Dutch diplomat discusses women’s rights

The Netherlands’ ambassador to the United States outlined the worldwide condition of women’s human rights as part of International Women’s Day at the Elliott School of International Affairs Tuesday afternoon.

Renee Jones-Bos, a 28-year veteran of the Dutch foreign ministry, recalled her experiences with women in places such as Yemen and the Congo and passionately spoke out against the violence women face in armed conflict. Jones-Bos emphasized the importance of U.N. resolutions regarding women’s rights but acknowledged that they can only work “if governments put paper to practice.”

Jones-Bos praised the bravery of Justine Masika, a women’s rights defender from the Democratic Republic of the Congo, who had to endure violence as the price for her work. Jones-Bos showed a video of interviews by Masika with rape victims of the Congolese warring factions.

“These are the people we want to help, not only by subsidizing their organizations but also by recognizing them personally,” Jones-Bos said.

The Dutch government awarded Masika with the Human Rights Defenders Tulip, just one of the many initiatives the Dutch government has begun to raise awareness about women’s rights both domestically and abroad. Other programs include training Dutch peacekeeping missions about women’s rights and helping developing countries write laws to protect women’s rights.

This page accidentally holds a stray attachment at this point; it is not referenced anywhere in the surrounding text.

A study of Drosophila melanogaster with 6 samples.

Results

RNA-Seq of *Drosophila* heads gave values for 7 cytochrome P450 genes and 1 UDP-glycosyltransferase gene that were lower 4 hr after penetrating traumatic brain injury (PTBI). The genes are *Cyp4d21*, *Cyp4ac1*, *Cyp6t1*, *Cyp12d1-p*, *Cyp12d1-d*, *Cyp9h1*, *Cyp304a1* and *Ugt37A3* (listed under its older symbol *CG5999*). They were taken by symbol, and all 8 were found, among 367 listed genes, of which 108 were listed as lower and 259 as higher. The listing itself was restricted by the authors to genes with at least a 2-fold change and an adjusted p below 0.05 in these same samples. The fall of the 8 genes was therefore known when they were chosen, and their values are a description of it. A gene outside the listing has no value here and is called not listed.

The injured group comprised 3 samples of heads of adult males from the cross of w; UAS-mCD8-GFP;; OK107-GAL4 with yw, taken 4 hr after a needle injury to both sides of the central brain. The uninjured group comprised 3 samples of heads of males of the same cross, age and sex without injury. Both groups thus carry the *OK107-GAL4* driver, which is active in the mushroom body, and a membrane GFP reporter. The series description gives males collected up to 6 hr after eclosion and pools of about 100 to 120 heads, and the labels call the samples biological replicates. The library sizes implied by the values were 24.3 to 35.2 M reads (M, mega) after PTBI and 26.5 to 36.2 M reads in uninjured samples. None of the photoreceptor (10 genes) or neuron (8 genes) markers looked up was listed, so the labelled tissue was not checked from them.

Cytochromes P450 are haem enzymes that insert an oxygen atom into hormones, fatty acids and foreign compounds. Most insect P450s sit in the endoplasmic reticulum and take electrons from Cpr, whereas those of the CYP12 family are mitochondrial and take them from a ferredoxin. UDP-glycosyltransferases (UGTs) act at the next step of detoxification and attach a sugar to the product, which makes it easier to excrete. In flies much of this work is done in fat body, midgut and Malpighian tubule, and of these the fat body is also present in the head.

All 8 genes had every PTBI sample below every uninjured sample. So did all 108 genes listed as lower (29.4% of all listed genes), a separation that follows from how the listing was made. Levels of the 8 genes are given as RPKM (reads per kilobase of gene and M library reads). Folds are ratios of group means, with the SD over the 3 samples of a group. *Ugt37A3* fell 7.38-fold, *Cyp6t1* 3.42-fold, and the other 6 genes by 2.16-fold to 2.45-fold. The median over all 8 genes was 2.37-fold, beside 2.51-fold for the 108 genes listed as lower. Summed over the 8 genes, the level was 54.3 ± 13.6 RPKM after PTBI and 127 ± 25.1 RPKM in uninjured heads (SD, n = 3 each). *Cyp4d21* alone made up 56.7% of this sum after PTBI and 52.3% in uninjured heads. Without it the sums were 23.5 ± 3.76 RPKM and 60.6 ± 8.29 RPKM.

Jones-Bos said the Dutch Princess Maxima Willem-Alexander has led efforts to promote development policies worldwide, including encouraging microfinancing programs, which loan small amounts of money to aid female entrepreneurs in developing countries. The ambassador explained that although loans made out to women are often paid back quickly and better invested, in many countries women are not allowed to take part in business or hold property.

The Netherlands has consistently contributed about 1 percent of their gross domestic product toward promoting women’s rights programs. Of that number, about 15 percent goes to education, which Jones-Bos called the “key to gender equality.”

The ambassador also stressed importance of reducing violence against women within the U.S. and Netherlands, citing a U.S. Department of Justice report that found 1.3 million women are physically assaulted by an intimate partner each year – a statistic she admitted is similar to levels found in her own country.

Jones-Bos concluded the lecture by saying that the developing world needs leadership from countries like the U.S. and the Netherlands to “make a difference in women’s lives.”